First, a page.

What the heck is a 'layer'? Never understood it.
As you know, on an acoustic piano, when you press a key with different force you'll get a different sound timbre, not just a different volume of sound. For example, the 'pianissimo' sound timbre is not just a 'fortissimo' sound timbre with lower volume. It's a totally different type of sound (usually much rounder and warmer)... And from pianissimo to fortissimo, the palette of subtle tonal changes could be very large, depending on the type and quality of the acoustic instrument.
Now, on an acoustic piano there is no concept of layers. If you keep pressing the same key you'll get a slightly different sound timbre at each repetition, because the hammer hits an already vibrating string, therefore adding new vibrations to old vibrations, thus generating a different sound timbre.
In the digital world, we can use up to 127 values (because of MIDI limitations) to map the force/velocity of a "key press" into a sound. In a sample-based piano engine, there are samples for these mappings (not necessarily for all of them) and these samples are called "velocity layers". More velocity layers per key => sound timbre more faithful to the original in all the dynamic ppp->fff range.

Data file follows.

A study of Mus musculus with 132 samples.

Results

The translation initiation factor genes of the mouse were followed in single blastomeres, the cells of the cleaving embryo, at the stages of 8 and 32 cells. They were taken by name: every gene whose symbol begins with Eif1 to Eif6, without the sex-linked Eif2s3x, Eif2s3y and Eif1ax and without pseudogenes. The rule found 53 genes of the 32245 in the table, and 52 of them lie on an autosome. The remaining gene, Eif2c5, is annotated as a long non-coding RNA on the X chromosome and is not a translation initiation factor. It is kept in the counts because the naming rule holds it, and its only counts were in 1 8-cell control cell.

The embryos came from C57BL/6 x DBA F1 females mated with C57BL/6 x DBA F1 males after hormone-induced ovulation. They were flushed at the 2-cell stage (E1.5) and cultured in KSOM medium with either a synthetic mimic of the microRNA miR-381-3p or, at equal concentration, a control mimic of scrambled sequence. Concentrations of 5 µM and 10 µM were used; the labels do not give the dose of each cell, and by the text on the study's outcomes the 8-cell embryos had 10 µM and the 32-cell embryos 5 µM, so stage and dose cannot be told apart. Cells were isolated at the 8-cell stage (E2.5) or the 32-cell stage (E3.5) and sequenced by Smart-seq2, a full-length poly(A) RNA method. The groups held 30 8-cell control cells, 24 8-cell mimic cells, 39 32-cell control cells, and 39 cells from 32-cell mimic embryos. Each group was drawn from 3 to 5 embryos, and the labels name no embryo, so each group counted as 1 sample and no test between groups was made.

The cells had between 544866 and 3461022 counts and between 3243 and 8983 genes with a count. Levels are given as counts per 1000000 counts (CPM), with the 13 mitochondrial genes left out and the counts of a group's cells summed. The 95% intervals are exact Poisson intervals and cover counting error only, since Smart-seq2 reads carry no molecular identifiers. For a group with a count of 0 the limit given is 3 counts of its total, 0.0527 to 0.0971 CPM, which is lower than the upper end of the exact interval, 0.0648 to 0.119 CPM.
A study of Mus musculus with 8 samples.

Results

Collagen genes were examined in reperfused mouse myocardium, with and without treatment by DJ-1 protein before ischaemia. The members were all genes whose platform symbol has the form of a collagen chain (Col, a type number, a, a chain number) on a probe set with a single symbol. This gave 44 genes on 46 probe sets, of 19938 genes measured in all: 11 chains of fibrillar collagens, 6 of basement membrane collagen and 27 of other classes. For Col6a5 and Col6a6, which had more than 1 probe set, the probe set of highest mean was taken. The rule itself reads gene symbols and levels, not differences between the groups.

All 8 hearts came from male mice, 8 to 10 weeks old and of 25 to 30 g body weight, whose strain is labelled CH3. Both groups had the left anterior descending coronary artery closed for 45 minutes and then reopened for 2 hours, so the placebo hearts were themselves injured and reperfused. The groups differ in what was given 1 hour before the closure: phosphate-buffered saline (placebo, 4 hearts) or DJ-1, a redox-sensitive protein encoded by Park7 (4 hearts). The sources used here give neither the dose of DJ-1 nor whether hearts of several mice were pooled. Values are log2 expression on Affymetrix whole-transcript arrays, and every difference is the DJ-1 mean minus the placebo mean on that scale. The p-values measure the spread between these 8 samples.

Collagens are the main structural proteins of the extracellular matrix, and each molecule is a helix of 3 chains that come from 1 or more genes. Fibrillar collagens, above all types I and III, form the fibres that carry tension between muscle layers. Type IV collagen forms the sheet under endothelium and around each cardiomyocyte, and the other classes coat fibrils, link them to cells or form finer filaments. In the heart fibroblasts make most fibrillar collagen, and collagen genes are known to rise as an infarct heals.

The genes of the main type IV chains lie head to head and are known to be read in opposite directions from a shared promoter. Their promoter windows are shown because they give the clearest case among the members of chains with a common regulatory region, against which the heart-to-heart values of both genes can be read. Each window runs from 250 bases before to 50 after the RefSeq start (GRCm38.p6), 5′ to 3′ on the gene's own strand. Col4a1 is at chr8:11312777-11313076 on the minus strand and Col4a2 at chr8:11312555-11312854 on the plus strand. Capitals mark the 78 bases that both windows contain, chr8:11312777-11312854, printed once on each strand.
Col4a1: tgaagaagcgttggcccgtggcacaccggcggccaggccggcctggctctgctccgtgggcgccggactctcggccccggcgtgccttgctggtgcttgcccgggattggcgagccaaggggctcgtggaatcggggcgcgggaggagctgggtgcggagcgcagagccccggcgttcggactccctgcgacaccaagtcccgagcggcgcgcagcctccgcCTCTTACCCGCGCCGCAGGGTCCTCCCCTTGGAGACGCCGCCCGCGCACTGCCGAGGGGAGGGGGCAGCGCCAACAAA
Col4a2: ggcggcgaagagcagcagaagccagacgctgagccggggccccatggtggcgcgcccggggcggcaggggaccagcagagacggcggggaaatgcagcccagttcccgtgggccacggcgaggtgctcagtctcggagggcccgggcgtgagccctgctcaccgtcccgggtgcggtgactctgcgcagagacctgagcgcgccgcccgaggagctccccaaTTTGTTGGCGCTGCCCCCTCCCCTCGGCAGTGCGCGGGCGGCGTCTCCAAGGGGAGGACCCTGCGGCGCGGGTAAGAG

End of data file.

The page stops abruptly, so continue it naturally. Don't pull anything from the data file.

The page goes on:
Currently, what happens in most DP internal piano engines is that the manufacturer want to save costs as much as possible, so they store just a few velocity layers per key (usually 3-4 per key in middle-range models, 5-6 in top-range ones). The remaining layers usually are emulated with clever filtering and interpolation techniques.
In the VST world, ~10 layers per key is considered the bare minimum to get a decent palette of tonal changes. Some examples: the "Galaxy Vintage D" VST has 13 velocity layers per key. The "Ivory II American Concert D" VST has 20 layers per key. They also use techniques to emulate the missing layers, so that you should not hear a sudden transition from a layer to the next one, if you play a smooth crescendo or decrescendo.
Pianoteq generates algorithmically all the layers, so theoretically it's like you have the max amount of layers you can get in the limits of the standard MIDI specifications.